MIAMI (CBSMiami) – The mask debate continues as students prepare to enter the classroom.

“What the public schools are doing is ensuring that our kids are safe,” said State Rep. Christopher Benjamin.


Many school districts have attempted to implement mask mandates, but an executive order issued by Gov. Ron DeSantis threatened to withhold funding to districts that did.

With the first day of school approaching, Miami-Dade Superintendent Alberto Carvalho said they’re working to find that balance.

“We hope to be able to negotiate a reopening of schools with protocols that, number one, provide protection for our students with mask, while simultaneously avoiding financial consequences,” Carvalho said.

According to CDC, since this time last year, more than 45,000 children have been hospitalized with COVID-19. The American Academy of Pediatrics said in just one week, the US had an 84% increase in new COVID-19 cases among children.


“It is sad that currently in America we see this rhetorical narrative that is deeply influenced by politics rather than medicine and the wise advice of those who know what’s in the best interest of our students and the professionals who teach them,” he said.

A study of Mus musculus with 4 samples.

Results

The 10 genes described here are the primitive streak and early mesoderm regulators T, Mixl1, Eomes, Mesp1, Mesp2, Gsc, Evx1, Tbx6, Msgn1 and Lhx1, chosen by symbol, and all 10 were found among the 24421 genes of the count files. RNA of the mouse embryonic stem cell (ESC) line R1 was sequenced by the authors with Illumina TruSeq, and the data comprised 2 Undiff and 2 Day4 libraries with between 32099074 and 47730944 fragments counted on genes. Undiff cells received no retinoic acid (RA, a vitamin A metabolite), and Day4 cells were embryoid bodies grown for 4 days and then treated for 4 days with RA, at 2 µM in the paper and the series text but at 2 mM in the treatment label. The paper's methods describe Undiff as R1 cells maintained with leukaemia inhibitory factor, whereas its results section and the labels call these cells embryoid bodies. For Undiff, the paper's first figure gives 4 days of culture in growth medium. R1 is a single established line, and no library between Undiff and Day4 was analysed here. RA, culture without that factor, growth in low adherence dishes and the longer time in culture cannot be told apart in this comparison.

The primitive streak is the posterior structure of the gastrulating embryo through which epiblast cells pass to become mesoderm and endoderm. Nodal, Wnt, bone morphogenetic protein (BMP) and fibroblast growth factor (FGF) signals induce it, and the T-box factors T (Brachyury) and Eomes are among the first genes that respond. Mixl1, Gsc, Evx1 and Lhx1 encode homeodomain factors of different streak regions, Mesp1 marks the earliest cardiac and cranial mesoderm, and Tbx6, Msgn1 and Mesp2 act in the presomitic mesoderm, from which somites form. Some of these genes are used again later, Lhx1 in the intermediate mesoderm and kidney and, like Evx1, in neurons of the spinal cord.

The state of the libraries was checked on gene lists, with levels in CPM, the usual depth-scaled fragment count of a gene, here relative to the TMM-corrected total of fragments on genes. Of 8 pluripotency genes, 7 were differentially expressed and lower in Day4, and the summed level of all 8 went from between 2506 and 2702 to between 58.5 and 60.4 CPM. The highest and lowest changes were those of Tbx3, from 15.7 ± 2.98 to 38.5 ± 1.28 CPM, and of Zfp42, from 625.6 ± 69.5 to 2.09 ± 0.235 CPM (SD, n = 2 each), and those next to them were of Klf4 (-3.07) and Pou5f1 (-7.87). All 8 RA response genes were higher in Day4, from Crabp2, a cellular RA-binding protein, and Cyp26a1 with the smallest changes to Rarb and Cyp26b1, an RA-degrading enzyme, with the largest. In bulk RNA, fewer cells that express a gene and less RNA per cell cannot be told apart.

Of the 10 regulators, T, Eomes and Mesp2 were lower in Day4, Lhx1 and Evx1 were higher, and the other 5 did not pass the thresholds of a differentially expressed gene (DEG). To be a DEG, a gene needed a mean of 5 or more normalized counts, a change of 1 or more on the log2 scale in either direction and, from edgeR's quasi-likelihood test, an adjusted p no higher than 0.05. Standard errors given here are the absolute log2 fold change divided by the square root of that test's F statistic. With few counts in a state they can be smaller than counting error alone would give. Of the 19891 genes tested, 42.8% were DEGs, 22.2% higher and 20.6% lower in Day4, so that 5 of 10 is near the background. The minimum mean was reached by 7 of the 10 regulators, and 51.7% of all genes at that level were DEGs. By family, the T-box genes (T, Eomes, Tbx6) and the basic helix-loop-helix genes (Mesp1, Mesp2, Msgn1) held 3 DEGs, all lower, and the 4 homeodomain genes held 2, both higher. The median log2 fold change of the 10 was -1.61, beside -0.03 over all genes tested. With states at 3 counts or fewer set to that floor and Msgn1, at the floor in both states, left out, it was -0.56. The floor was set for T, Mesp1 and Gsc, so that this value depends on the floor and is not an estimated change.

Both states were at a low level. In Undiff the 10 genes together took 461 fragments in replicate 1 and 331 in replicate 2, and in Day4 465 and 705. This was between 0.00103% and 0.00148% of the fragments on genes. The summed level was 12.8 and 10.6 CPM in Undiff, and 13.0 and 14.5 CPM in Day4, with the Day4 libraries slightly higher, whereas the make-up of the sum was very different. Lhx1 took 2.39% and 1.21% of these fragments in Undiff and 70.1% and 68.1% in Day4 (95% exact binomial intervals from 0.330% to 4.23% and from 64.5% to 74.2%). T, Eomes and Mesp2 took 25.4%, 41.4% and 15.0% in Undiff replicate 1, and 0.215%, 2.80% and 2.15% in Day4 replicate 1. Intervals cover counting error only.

Still, last week the state board of education passed an emergency rule allowing parents who don’t want their children wearing a mask to opt out. They can also use the HOPE Scholarship voucher to transfer to private schools. The board said it’s about protecting parent choice, which Carvalho said he’s also trying to do.

“We should have a balance set of protocols and safeguards that, number one, ensure the health and wellbeing from a protective and preventative perspective of our students and employees,” he said. “Side-by-side, obviously, with a psychological impact that we hope to protect of our students and parent choice.”

State Rep. Benjamin agrees, saying this wasn’t a problem at the height of the pandemic.